State to reclaim Moi’s Kiptagich Tea estate
Retired President Moi could be forced to vacate his Kiptagich Tea Estate land acquired in 1978 after the government confirmed the estate is part of the Mau Forest Complex, which it seeks to repossess.
The revelation came even as it emerged the Directorate of Criminal Investigations boss George Kinoti may from next week arrest and charge top government officials who illegally issued title deeds to squatters who own land in Mau Forest.
Others expected to be charged include officials of the group ranches who sold the land and members of the land control board who authorised the deals.
Lands Cabinet Secretary Farida Karoney and Solicitor General Ken Ogeto, who confirmed to a house committee that Moi’s firm is inside the forest, maintained that the 14,103.7 hectares that was allocated to five groups ranches; Sisiayni, Nkaroni, Enoosokoin, Enakishomi and Keiyo was illegally done.
A document tabled by Environment Cabinet Secretary Keriako Tobiko a month ago shows that out of the 417,973 total blocks in Mau forest, Kiptagich tea farm, which Moi owns, is among those which have encroached on the Trans Mara “Kiptagich Tea Factory is inside the Mau forest.”
She added: “I would like to say that we are not protecting any big fish. With that I must admit that in Mau Forest, there are factories there. However, let me say this: That if due process was not followed to excise a forest then that land is illegal.”
Appearing before the Environment and Natural Resources Committee chaired by Maara MP Kareke Mbiuki, the duo clarified that the DCI had taken over the matter and ruled out any form of compensation to the affected persons on grounds that individuals illegally or irregularly acquired forest land.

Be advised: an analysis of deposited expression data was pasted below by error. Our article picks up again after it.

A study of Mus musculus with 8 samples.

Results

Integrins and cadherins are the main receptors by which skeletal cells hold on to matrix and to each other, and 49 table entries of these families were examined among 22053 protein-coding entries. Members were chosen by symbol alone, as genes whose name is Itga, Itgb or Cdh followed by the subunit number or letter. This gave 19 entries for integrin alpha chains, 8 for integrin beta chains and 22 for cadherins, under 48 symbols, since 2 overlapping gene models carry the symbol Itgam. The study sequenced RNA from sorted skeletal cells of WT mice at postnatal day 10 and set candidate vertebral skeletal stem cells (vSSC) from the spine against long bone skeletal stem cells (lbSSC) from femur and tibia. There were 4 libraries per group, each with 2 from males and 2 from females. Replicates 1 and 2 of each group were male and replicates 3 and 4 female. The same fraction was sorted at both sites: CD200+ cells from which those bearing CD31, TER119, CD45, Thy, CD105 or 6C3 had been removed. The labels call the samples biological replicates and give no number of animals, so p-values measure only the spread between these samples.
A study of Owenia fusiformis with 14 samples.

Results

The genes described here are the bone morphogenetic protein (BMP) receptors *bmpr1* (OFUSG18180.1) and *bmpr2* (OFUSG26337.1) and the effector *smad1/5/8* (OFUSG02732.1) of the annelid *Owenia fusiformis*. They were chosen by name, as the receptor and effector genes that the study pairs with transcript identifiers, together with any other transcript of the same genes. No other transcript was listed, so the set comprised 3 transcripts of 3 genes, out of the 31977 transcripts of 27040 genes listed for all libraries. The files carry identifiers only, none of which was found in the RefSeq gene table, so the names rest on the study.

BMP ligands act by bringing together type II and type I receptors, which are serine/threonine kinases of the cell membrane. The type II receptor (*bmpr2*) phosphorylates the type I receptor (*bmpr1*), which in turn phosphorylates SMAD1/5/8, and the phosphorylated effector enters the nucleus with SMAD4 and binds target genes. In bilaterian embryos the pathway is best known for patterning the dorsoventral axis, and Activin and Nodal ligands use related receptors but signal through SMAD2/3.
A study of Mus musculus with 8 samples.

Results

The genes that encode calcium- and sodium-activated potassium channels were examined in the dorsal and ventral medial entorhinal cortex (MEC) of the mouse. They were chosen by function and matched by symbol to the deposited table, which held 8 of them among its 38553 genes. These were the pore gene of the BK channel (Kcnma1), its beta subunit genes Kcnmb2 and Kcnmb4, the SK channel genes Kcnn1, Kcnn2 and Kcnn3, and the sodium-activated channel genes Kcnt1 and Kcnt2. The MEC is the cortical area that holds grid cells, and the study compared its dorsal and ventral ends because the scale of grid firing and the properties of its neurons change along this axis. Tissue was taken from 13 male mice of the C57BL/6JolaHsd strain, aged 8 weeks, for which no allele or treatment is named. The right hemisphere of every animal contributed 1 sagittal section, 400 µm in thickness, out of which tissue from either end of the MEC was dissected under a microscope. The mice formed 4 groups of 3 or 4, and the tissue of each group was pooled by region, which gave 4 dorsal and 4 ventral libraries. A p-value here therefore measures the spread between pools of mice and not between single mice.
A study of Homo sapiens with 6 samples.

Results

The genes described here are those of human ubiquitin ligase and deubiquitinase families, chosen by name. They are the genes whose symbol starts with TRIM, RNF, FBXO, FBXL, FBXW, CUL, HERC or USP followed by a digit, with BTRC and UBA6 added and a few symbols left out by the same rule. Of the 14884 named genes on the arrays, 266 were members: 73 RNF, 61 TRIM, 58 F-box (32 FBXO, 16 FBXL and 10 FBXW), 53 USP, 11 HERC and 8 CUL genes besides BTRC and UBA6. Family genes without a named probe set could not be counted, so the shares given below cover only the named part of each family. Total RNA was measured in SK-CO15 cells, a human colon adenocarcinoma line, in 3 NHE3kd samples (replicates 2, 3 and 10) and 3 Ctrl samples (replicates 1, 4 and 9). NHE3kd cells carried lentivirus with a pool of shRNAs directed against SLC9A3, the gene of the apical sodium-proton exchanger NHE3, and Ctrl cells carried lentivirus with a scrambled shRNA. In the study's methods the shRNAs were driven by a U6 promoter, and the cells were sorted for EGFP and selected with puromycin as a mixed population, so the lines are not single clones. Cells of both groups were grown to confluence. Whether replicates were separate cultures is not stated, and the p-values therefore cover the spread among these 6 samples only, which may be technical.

Karoney told the legislators that the position of government was that illegally and irregularly obtained titles do not confer proprietary rights, and hence do not warrant compensation.
She was categorical all the titles issued within any forest reserve was not protected under article 40 of the Constitution unless due process was followed to vary the boundaries of any such forest.
She said the ministry had suspended and interdicted three registrars and one surveyor said to have issued the illegal titles.
Out of the 3,372 households or approximately 16, 000 , the government wants to evict from the forest, 716 individuals are said to have valid tile deeds, 4,439 individuals have sale agreements and letters of allotment and 2741 have no documents at all.
Ogeto said there was no evidence that the county council of Narok, which was holding the land in trust, invoked the provisions of section 13 of the Trust Land Act to allow private individuals acquire titles over forest land.
Meanwhile, the Government has banned any form of settlement along the cut-line in Maasai Mau forest with immediate effect.
Narok South Deputy County Commissioner Felix Kisalu said a 10 kilometre distance from the cut-line must be maintained to avoid possible re-invasion of the forest.